What’s wrong with being lucky?

There’s a well-known old proverb that it is better to be born lucky than rich.  But in sport, luck is a dirty word.  To dare suggest that someone might have got a tad lucky on their way to wining is tantamount to insulting both their ability and their work ethic.  Such temerity is brusquely dismissed with sarcastic ripostes such as the famous quote attributed to 9 time Major winning golfer Gary Player: “The harder I practice, the luckier I get.”  This defensiveness is understandable, of course.  Who likes to be told they didn’t deserve their hard-won success; after all, that’s what is being implied, isn’t it, when we say someone was lucky?

On Sunday, Danny Willett won the Masters because Jordan Spieth came to grief on the 12th hole with a quadruple bogey.  To put it bluntly: Willett won because Spieth blew it.  At least, that’s how the American papers saw it, though most British fans would take umbrage with such a seemingly facile perspective, citing Willett’s flawless, bogey-free five under par 67 final round versus Spieth’s inconsistent one over 73 score.  Obviously Willett deserved to win.  However, is it wrong to suggest that Willett only got the opportunity to win because Spieth faltered on the final few holes?  In other words: Willett got lucky that Spieth got wobbly?  And if he did, what’s wrong with being lucky?

A few years ago, ex-England cricketer Ed Smith, wrote a thought provoking book on the concept of luck and its often pivotal role in the outcome of success and failure in life and sport.  In ‘Luck: What It Means and Why It Matters’, Smith makes a compelling case for acknowledging, and even embracing, the role of luck in sport.  Nevertheless, Smith’s book is not a polemic.  It does not pit luck against hard work or talent, those two favoured designators of success, but simply accords luck its place alongside them in the sporting narrative.

For there is no doubt that luck – good and bad – plays its part in sport (as it does in life), and to dismiss it, particularly in relation to success – strange how it always tends to rear its head as a convenient means of explaining failure – is disingenuous, because sport is littered with remarkable tales of luck.  For instance, the Denmark football team winning the 1992 European Championships even though they failed to qualify for the tournament, and only got in as lucky losers because Yugoslavia were disqualified for fighting a civil war; or tennis player Goran Ivanisevic, having to beg for a wildcard from the Wimbledon committee so he could play in the 2001 tournament, and then memorably going on to win it, helped by a timely rain delay when he was losing in the semi final.  Perhaps, most extraordinarily, Australian speedskater Stephen Bradbury winning Olympic gold at the 2002 Salt Lake City Winter Games, having been 20 yards behind at the finish, simply by being the last man standing as all the contenders took each other out.  Danny Willett himself was lucky in the first instance even to be playing at the Masters because his wife had been due to give birth to their child on the final day, but the baby arrived prematurely, enabling Willett to compete at the last minute.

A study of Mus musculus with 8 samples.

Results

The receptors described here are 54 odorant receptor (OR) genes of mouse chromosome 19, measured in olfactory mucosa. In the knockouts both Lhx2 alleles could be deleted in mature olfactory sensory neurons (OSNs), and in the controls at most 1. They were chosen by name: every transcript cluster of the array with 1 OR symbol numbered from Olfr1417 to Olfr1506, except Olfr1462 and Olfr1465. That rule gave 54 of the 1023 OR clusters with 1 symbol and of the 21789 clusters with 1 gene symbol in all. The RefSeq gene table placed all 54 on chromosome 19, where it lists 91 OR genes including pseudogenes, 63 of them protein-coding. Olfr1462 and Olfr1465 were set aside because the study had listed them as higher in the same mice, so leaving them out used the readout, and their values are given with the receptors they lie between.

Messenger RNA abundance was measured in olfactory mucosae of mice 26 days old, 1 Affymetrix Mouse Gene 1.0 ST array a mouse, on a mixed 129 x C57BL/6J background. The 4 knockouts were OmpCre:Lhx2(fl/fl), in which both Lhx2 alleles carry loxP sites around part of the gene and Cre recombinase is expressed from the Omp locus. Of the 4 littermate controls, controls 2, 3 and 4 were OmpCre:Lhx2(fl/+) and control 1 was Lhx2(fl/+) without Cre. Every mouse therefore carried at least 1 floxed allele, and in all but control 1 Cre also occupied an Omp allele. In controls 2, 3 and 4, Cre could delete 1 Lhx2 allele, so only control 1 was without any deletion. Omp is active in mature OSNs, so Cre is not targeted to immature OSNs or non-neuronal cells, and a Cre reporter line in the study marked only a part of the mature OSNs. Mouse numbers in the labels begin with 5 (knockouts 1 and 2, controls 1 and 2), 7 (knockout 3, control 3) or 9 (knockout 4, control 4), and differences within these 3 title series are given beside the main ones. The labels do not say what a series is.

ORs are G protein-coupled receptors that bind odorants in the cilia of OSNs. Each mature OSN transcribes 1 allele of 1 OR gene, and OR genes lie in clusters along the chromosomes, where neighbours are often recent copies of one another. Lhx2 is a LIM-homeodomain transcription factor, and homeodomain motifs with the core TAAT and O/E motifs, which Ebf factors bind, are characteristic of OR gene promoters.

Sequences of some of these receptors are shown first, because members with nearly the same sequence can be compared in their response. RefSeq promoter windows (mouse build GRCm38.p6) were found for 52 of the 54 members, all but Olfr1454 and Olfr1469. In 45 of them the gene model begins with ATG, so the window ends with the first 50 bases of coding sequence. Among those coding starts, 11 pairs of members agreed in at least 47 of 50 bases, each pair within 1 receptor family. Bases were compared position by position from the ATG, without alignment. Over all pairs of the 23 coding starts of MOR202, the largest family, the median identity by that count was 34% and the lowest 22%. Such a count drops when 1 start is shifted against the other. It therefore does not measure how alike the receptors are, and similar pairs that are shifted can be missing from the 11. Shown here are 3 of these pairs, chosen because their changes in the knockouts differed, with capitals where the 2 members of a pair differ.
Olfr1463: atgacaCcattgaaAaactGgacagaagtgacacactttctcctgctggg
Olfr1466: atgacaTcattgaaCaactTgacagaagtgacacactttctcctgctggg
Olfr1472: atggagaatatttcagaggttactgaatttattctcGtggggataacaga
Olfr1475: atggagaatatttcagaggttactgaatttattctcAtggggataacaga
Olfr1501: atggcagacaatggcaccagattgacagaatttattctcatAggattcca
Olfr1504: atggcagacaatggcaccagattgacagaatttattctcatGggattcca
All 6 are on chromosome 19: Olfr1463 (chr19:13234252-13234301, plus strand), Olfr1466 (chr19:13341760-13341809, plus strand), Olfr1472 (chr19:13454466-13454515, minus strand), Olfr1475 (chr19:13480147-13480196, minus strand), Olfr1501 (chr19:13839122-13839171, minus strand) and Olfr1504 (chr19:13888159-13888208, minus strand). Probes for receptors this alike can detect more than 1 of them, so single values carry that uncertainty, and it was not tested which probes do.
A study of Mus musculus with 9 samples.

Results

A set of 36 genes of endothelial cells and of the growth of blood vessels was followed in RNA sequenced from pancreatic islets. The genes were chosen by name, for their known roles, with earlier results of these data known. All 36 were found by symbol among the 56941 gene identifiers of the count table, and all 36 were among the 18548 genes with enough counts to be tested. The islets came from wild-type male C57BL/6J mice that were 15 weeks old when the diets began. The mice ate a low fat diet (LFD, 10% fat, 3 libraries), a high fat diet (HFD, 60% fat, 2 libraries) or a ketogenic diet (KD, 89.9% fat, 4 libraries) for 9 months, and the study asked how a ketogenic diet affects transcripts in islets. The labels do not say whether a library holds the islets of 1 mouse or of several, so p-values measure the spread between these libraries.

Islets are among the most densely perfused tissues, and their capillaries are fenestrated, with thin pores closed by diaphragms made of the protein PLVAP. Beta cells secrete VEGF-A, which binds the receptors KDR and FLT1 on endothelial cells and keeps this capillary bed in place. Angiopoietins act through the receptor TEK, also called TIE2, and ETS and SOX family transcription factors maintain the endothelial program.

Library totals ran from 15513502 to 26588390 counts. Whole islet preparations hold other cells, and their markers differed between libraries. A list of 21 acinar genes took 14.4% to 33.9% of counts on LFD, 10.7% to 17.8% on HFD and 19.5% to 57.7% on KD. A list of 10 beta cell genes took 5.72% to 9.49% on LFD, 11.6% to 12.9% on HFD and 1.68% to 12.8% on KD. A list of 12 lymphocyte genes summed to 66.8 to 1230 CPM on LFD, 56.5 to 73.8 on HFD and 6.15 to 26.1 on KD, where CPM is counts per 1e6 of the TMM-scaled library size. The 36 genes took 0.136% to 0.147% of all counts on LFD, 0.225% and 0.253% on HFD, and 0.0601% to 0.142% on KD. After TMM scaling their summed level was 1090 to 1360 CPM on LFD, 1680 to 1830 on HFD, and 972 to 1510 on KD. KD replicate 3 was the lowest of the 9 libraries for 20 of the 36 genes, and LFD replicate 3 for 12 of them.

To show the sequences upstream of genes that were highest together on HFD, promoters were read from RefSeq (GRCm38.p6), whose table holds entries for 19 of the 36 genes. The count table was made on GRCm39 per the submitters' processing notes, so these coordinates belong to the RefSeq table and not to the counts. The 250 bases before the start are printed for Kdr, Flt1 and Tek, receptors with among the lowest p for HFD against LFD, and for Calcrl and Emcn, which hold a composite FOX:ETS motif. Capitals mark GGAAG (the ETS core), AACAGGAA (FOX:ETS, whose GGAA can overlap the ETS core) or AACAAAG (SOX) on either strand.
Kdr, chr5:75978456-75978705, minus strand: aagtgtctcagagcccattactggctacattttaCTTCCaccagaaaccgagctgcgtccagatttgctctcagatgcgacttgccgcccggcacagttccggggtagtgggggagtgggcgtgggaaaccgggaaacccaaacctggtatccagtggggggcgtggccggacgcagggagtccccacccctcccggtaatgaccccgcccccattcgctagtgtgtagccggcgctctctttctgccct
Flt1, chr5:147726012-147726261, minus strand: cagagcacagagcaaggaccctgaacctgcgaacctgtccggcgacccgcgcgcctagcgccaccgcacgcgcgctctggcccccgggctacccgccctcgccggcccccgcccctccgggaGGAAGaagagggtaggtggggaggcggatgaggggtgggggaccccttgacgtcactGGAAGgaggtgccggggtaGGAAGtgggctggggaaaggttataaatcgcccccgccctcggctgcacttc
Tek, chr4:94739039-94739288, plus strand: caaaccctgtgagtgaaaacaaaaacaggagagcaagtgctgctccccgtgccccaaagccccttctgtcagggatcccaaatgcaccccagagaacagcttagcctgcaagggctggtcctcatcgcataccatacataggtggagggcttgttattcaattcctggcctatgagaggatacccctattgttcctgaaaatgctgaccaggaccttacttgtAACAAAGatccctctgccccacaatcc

Such are the twists of fate, or fortune, or destiny, chance, luck, kismet, providence, or whatever you want to call it.  But whichever way you define it, you cannot deny its existence in sporting endeavour.  I have always believed there are four requisite components to achieving success in sport – talent, application, character, and luck.   Yet the first three are commonly taken for granted, while no one ever dares admit to luck being a contributing factor.  To acknowledge luck is not to denigrate the innate gifts of the talented athlete or to disparage their character and dedication to their vocation, nor to undermine their capacity to control their own destiny; it is to recognise and accept human susceptibility to the vicissitudes of life.

Ultimately, although luck can, and does, provide a gilded opportunity to attain success, it is the ability to take that propitious chance which separates the successful from the rest.  When Spieth lost the lead at the 12th, there were two other players besides Willett who were also in contention to win:  Lee Westwood and Dustin Johnson.  Yet, the moment the Masters was there for the taking, the two perennial bridesmaids faltered on the way to the altar.  In contrast, Willett grasped his chance with ruthless efficiency; coolly birdieing the 16th to reinforce his lead and then making a nerve jangling, par saving chip at the 17th, when a bogey seemed the most likely outcome, with the assured steeliness and steady composure of a champion.  It may have been luck that had provided Willett with his opportunity, but it was his character, determination, and endless hours of hard work preparing his game for just that moment, which won it for him.

So maybe that’s the secret to success:  you have to be ready to be lucky.  And that takes a lot of hard work, and not inconsiderable amount of talent and character.